My brother’s death hit me hard, perhaps because it was so unexpected. John died of a heart attack at only 51. Until then, he had seemed strong, healthy, and in the prime of life, so it was difficult for me to come to terms with this loss.
We had been very close as children, and both of us were keen on nature and the great outdoors. After college, however, we drifted apart. I moved to Southeast Asia, where I raised a family and taught school, while John worked as an engineer in rural Montana.
In recent years, though, we had gotten back in touch. I thought about visiting, but I was busy with work and family responsibilities and kept postponing. Now it was too late. John was gone—just like that! Regrets flooded my mind. If only I had visited!
One evening I prayed, “Dear God, please give me a sign that John’s okay.” I’m not sure what I expected, but nothing came. As I dropped off to sleep later, I asked for a comforting dream, but when I awoke the next morning, I couldn’t remember anything.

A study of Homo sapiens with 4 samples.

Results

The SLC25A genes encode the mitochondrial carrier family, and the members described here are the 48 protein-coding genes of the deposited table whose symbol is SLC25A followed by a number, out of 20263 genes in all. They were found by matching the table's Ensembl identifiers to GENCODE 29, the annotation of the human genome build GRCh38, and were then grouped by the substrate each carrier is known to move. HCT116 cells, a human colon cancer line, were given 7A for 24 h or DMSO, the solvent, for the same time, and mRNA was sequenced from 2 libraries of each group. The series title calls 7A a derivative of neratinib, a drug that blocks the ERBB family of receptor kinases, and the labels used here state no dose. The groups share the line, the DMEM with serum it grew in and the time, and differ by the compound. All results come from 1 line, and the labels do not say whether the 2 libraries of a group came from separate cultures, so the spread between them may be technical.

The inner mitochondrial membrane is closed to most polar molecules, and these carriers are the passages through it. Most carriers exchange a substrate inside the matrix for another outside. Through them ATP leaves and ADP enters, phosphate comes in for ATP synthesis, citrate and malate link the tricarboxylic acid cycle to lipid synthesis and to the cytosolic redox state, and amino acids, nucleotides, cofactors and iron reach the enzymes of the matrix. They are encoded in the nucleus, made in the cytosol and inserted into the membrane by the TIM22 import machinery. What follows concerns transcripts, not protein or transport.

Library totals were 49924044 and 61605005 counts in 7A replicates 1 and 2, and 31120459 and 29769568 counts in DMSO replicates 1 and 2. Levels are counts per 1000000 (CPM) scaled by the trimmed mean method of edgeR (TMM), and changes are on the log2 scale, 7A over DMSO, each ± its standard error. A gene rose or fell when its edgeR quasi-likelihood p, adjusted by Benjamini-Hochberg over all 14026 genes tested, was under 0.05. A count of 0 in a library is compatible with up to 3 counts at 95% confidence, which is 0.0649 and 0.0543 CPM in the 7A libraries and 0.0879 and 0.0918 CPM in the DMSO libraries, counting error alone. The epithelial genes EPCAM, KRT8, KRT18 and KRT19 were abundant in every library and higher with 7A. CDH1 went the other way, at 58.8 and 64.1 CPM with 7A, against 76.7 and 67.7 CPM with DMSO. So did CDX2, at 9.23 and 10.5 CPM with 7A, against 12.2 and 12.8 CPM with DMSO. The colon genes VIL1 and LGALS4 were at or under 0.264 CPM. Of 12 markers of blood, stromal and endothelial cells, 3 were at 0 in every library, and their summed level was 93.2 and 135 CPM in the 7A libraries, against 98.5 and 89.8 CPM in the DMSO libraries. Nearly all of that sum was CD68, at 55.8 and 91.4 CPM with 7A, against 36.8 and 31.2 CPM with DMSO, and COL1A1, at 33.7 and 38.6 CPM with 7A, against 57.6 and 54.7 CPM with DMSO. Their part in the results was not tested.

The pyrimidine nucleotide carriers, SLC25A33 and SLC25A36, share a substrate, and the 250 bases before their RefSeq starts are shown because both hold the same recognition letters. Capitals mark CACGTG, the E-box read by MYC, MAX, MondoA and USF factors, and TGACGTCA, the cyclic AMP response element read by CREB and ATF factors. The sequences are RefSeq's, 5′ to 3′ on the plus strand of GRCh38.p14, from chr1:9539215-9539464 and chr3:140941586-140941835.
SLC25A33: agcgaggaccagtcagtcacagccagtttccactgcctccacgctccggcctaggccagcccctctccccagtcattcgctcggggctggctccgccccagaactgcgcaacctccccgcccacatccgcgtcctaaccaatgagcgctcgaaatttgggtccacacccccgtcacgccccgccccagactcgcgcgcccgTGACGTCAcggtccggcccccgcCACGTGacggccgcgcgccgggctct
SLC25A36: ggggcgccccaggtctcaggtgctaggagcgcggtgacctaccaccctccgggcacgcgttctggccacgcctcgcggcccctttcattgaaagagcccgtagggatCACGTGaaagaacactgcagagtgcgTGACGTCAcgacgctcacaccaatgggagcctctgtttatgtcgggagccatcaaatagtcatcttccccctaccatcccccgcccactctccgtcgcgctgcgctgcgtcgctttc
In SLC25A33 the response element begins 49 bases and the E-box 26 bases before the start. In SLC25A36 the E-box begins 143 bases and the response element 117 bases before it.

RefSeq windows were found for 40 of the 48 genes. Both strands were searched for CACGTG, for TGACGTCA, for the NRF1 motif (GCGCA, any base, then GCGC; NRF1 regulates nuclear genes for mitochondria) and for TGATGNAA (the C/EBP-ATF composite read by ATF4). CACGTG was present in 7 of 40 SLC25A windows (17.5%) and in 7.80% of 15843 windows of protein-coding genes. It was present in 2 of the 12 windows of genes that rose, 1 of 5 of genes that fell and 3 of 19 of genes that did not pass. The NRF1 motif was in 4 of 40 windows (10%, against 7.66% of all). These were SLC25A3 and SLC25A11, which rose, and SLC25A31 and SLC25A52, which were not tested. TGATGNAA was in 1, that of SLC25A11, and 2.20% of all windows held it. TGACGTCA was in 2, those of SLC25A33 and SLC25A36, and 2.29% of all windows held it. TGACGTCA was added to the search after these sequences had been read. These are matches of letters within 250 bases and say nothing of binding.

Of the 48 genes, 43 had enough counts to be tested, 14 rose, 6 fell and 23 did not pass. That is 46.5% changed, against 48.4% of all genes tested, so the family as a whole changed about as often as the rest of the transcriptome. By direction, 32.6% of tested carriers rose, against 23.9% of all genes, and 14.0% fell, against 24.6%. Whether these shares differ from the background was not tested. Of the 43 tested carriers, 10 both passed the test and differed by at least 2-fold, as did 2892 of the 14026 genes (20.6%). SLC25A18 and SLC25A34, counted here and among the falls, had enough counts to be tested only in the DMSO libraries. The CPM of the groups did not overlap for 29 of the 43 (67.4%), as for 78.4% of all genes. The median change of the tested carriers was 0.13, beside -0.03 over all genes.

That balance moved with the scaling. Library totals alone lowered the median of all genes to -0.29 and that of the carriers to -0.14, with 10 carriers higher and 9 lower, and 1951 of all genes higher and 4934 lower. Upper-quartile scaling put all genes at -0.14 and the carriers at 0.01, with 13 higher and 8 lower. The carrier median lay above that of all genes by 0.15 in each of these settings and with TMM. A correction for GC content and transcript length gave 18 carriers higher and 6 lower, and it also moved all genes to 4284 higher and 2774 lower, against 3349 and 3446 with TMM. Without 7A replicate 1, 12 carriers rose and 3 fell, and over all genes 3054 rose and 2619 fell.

At the time, I was staying in a garden suite, which gave me the advantage of stepping into a lovely garden right outside my door. Right by the doorway was a jasmine bush I’d been watching for a week or more, eagerly waiting for it to blossom, and as I stepped outside that morning, something caught my eye.
There on the jasmine bush was a perfect, single white jasmine blossom! Jasmine flowers usually grow in little clumps and bloom all at once, and it’s very rare that only one flower blossoms.
Suddenly, I felt that this was the sign I’d asked God for. It was as clear and definite as if I’d heard John’s voice saying, “I’m all right!” God used my love of nature to give me a sign that was meaningful for me.
You may think it’s a small thing, but to me, it was a reminder of God’s love. His care is manifest in even the smallest details of His creation and our lives. “Not a single sparrow can fall to the ground without your Father knowing it. And the very hairs on your head are all numbered.”1
Now whenever I see a jasmine blossom and smell its fragrance, I remember that morning. I no longer wonder if John’s okay. I know he is and that I’ll see him again.